Even if the Khmer Rouge tribunal manages to try all five aging leaders now in custody, Cambodia will likely need more reconciliation, a leading rights activist said Monday.
The tribunal is undertaking its first trial, of the regime’s chief torturer, Duch, but the country might need something like South Africa’s Truth Commission alongside the court in order for Cambodians to be at peace with the past, said Kek Galabru, founder of the rights group Licadho.
“People are still not feeling justified with the trial of the five accused,” she said, as a guest on “Hello VOA.” “For instance, some say that they see many former prison directors who operated in their provinces who are still alive. People still feel pain, even seeing the trial of the five Khmer Rouge leaders.”
She suggested an expert be invited to Cambodia to demonstrate how truth commissions are run.
Meanwhile, more and more Cambodians are paying attention to the trial of Duch, she said, which contributes to national healing.
Not everyone has been satisfied with the tribunal.
A “Hello VOA” caller from Oddar Meanchey province said he did not believe the UN-backed tribunal would provide justice. The tribunal is being held in Cambodia, he said, so the court could not be insulated from political influence.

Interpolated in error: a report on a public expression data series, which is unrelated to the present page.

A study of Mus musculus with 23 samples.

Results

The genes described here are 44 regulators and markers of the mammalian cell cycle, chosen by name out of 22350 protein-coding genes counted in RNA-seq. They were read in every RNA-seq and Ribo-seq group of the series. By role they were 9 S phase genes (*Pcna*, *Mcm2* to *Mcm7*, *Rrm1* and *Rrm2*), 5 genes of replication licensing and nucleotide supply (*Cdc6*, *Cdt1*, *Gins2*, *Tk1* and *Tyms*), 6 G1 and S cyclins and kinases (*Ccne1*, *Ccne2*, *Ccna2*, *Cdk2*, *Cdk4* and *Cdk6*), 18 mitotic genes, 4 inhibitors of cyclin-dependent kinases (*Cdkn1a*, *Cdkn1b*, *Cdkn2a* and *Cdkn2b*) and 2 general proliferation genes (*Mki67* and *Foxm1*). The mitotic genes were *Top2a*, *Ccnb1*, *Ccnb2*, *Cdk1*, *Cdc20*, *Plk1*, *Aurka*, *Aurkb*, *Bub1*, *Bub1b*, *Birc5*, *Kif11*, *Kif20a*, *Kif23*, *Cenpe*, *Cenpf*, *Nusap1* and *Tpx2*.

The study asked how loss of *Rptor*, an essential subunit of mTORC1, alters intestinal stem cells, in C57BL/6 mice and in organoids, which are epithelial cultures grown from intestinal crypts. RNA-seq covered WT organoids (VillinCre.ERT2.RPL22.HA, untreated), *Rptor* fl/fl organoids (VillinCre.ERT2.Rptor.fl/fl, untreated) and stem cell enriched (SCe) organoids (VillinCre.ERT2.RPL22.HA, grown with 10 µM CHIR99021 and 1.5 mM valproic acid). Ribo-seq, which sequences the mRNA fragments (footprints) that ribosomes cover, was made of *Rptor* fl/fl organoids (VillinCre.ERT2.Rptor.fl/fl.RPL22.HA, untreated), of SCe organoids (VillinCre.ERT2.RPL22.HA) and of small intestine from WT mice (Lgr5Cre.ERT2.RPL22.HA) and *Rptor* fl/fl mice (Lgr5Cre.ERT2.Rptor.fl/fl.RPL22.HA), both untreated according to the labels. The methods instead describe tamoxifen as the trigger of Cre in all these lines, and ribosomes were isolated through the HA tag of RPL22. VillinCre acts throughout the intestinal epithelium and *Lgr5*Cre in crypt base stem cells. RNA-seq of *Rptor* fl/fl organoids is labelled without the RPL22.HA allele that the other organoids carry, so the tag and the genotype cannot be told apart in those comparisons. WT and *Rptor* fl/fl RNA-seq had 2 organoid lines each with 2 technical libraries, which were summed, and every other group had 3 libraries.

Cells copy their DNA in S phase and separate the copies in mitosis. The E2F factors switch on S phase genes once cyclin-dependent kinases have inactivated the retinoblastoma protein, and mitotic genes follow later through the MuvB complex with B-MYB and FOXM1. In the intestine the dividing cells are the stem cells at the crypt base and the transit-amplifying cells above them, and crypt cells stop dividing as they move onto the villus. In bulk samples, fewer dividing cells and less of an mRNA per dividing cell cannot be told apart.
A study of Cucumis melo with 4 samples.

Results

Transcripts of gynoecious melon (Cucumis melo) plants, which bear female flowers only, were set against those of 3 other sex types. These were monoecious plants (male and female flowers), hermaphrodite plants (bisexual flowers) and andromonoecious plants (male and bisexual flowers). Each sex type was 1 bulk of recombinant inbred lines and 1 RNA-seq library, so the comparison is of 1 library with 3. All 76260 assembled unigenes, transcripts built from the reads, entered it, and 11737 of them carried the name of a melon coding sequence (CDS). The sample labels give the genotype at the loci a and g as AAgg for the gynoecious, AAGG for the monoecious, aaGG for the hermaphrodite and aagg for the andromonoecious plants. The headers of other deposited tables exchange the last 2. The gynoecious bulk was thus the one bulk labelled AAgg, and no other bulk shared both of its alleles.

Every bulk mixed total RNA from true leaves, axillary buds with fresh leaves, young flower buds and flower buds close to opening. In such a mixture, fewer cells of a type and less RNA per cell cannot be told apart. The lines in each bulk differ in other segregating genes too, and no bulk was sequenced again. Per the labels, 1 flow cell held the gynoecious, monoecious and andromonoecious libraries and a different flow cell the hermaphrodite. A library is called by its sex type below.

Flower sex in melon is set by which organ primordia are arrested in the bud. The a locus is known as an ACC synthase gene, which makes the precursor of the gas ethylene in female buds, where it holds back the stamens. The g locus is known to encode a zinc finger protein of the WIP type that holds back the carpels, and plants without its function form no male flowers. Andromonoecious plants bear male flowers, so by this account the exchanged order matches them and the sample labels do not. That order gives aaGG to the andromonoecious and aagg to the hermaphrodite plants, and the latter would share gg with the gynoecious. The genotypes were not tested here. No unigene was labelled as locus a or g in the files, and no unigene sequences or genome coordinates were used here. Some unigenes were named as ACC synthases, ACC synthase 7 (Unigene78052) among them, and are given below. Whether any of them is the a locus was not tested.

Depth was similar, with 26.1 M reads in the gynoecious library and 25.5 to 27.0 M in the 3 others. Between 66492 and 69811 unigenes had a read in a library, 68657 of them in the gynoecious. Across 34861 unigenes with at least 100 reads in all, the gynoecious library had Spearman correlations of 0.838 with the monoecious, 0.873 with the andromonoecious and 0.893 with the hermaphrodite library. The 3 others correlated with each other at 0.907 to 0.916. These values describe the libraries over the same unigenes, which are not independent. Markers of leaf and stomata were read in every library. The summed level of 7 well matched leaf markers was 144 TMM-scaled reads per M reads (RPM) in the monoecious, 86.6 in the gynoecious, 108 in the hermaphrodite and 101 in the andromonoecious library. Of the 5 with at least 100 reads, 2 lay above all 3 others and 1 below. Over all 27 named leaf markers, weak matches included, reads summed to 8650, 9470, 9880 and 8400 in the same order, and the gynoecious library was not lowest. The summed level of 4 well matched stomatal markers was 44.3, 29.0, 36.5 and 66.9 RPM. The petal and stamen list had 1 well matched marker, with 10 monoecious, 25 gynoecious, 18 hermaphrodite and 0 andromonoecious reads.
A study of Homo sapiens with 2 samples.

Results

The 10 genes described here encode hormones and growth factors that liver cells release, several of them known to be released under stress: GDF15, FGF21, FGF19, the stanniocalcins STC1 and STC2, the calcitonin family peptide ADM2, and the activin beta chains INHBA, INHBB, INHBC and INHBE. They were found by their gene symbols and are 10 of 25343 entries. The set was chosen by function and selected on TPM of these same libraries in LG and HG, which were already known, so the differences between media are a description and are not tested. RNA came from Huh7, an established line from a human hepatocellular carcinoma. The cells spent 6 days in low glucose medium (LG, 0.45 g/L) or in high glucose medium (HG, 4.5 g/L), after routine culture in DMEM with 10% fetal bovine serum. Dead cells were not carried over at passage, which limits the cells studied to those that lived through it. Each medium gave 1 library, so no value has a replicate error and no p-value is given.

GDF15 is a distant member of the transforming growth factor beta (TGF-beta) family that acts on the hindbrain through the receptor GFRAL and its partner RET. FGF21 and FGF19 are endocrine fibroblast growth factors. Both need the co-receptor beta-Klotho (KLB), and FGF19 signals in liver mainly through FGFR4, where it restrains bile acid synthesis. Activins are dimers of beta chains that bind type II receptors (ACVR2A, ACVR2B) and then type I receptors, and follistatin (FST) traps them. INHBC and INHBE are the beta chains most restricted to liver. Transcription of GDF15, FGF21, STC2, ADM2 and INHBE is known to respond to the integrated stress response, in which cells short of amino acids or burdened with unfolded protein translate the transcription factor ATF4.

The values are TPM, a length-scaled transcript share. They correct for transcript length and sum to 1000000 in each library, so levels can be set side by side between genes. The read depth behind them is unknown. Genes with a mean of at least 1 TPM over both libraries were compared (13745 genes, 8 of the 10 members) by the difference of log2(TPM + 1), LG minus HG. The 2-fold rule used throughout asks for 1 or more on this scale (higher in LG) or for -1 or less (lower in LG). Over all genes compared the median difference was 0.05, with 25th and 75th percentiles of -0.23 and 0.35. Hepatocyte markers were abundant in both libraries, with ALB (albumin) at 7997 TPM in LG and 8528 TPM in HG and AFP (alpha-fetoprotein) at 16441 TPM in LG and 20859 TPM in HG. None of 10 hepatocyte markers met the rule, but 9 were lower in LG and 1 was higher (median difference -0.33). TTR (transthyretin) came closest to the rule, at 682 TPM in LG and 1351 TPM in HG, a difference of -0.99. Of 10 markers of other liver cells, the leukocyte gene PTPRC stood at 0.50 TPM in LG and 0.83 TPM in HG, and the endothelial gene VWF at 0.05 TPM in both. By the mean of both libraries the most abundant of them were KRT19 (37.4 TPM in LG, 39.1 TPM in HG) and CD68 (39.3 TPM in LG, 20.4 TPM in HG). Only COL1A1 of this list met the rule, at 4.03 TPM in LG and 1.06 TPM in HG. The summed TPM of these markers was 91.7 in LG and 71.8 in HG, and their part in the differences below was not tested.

Another caller, Sun Thun, from Kampong Thom province, said he wished to see the court finish its work as quickly as possible, so more evidence against those involved in the killings of the Khmer Rouge would come to light.
He said he wanted more indictments of former regime leaders and disagreed with statements by Prime Minister Hun Sen and other officials that further indictments could destabilize the country.
“I don't see any war,” he said. “Our country is bound by the Paris Peace Agreement, in which signatory countries are committed to bringing an end to wars in Cambodia. If there is a war, it is those in the government who would create it.”